Texting while driving isn’t a new concern, but it has received a spotlight in recent months as municipalities, local law enforcement officials and even mobile carriers are coming on-board with messages warning against the activity.
During September, more than 170 Illinois municipalities approved proclamations to promote awareness of the dangers of texting on Illinois roadways, according to the Illinois Municipal League, in an effort tied to AT&T’s “It Can Wait” campaign.
Texting while driving is against the law in Illinois, as is the distracted driving behavior of talking on a cell phone in school or construction zones.
Morris Police Department Chief Brent Dite said the issue is one that his department takes seriously. “We have a very low tolerance for it, because we know the dangers of it,” he said.
Dite said officers are trained to keep an eye out for it and issue citations when they spot incidents of texting drivers.
“We’re doing what we can do to enforce it,” he said. “It’s tough sometimes because sometimes people have the phone in their lap and the officer doesn’t see it. There are some challenges, but we are aggressively enforcing the law.”
Grundy County Sheriff Terry Marketti said his deputies are doing the same.
“We’ve cited several people for doing it since the law changed, but I think it’s going on frequently,” he said of texting. “I notice it myself when I’m driving and I pull up at a stop light and see the person next to me (on their phone).”
While the focus of much of the campaigns is on young drivers, both Marketti and Dite said they’re not the only ones taking part in the activity.
“Truthfully, I think it’s certainly several different generations that are doing it,” he said. “Go sit at an airport, or a mall, and you would be surprised at how many people are texting. It’s not only younger kids, it’s adults, too.”
He added that the message his office is attempting to get out to the public spans age groups.
“I think you can’t blame any generation, everybody’s doing it now, and we’re asking that they don’t,” he said.
“I think you see it in numerous generations,” he said. “I think it’s probably a bigger issue with the young generation because they are inexperienced drivers.”
He praised the education area students are receiving through driving classes, but said beyond classes, it’s up to teens to decide what behavior they’re going to choose. He said students should be aware of the dangers, though.
“Just because you’re 16 and you have a driver’s license doesn’t mean you’re an experienced driver,” he said. “It takes someone years to become an experienced driver.”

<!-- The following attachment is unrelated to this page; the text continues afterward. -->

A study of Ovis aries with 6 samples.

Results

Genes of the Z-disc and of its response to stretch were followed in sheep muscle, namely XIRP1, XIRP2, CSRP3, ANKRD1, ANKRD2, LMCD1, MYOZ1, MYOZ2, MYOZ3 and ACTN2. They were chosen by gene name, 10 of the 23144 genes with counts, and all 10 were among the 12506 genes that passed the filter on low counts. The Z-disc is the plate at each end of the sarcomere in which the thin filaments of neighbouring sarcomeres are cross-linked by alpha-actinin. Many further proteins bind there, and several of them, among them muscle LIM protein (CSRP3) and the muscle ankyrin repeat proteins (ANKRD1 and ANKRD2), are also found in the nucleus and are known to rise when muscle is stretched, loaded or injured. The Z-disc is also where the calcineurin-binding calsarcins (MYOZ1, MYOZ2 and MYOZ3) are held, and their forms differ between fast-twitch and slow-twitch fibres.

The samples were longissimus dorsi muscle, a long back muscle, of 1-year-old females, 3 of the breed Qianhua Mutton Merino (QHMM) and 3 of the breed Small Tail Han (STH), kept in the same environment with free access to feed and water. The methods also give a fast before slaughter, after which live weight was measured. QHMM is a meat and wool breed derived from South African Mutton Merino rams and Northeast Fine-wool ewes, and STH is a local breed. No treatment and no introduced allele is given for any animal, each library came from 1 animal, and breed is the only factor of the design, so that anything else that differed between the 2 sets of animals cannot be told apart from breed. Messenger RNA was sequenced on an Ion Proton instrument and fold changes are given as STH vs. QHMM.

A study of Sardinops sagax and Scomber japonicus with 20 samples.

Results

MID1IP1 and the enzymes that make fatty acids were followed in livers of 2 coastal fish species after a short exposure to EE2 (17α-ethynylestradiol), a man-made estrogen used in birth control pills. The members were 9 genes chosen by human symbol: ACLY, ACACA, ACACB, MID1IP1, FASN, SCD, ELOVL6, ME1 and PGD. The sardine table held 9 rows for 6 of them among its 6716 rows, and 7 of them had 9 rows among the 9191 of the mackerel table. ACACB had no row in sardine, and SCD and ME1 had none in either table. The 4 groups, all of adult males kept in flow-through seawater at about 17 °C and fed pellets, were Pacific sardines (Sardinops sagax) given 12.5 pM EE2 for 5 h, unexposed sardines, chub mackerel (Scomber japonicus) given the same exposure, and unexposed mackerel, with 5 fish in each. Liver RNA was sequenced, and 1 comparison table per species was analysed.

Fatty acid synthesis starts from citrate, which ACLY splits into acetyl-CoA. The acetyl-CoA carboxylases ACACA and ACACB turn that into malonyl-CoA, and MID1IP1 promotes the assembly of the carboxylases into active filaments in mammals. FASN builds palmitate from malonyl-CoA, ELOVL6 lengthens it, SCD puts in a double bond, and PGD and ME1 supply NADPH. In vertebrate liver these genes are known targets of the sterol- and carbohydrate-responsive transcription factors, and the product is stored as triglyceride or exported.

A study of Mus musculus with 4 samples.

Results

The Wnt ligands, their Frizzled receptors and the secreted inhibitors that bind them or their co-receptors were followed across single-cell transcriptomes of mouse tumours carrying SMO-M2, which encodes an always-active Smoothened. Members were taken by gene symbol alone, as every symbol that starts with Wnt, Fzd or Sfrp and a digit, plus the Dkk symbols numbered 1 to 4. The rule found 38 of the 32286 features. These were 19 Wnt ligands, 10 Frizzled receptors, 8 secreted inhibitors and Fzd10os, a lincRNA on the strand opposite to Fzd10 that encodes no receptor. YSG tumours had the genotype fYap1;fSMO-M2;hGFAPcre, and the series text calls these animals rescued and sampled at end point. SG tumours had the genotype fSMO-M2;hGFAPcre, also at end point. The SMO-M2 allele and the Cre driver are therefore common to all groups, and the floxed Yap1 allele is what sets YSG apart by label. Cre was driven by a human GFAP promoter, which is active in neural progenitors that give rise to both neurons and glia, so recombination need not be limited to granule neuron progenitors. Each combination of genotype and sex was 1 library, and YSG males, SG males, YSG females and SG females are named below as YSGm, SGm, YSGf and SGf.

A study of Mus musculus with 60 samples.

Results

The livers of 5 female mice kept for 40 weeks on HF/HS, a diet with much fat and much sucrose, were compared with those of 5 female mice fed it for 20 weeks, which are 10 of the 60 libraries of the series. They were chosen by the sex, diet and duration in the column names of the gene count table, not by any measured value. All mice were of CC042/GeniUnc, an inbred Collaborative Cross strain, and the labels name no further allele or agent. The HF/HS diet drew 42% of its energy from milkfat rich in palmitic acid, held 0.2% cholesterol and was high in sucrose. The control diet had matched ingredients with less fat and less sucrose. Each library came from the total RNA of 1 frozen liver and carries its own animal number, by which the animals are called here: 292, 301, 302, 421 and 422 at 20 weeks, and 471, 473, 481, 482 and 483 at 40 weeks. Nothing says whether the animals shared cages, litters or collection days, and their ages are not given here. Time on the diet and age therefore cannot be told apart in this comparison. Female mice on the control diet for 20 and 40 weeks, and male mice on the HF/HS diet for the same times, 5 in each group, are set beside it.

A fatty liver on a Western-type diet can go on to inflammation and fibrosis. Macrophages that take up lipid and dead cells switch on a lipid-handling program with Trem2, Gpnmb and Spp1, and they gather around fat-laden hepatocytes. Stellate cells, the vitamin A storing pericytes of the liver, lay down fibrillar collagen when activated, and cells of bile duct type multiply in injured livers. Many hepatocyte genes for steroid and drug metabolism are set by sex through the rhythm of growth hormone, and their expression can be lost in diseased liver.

That message was echoed by insurance industry experts.
In late August, State Farm released information about a national survey it conducted with Harris Interactive.
Chris Mullen, director of technology research for State Farm, stated in prepared remarks that the research found that young drivers lack awareness of the higher risk of crashes texting while driving has.
“Most teen drivers agree inexperience makes them less safe as drivers. It’s equally important to understand that getting a driver’s license, while an important milestone, does not make one experienced,” Mullen said. “There is still so much to learn on the road to being a safe driver.”
The State Farm study asked over 600 14- to 18-year-olds about distracted driving and found that about 78 percent of teens said they had spoken up and pointed out other driver’s distracted driving behaviors and that, in many cases, it helped to stop the behavior. Still, about 34 percent of the group said they text and drive.
On the other hand, nearly half of the 16 percent of passengers who did not speak up said they did not do so because they believed the driver could handle the distraction.
No matter the age, Marketti said he strongly urges motorists to think twice before texting, because it causes drivers to take their eyes off the road when they should be paying attention. He said in many crashes texting is evident as a cause when drivers go off the pavement, hit the shoulder and attempt to overcorrect.
He added that drivers who are caught texting could also pay the price through fines or worse outcomes. “I believe it causes accidents, it causes injuries, and it causes deaths,” he said.
In addition to the messages area law enforcement agencies are putting out into the communities, some municipalities are putting their message in sign form. In recent months, the village of Channahon placed 10 signs across the village that remind drivers not to text. One such sign is posted at Minooka Community High School South Campus.
Dite said he’s begun to look into similar signage for Morris, especially in the areas around local schools to remind drivers not to use their phones in the school zone.
“I think you’re going to see that more and more with municipalities and counties,” he said. “ ... Putting some strategically-placed signs helps educate the public and reminds them.”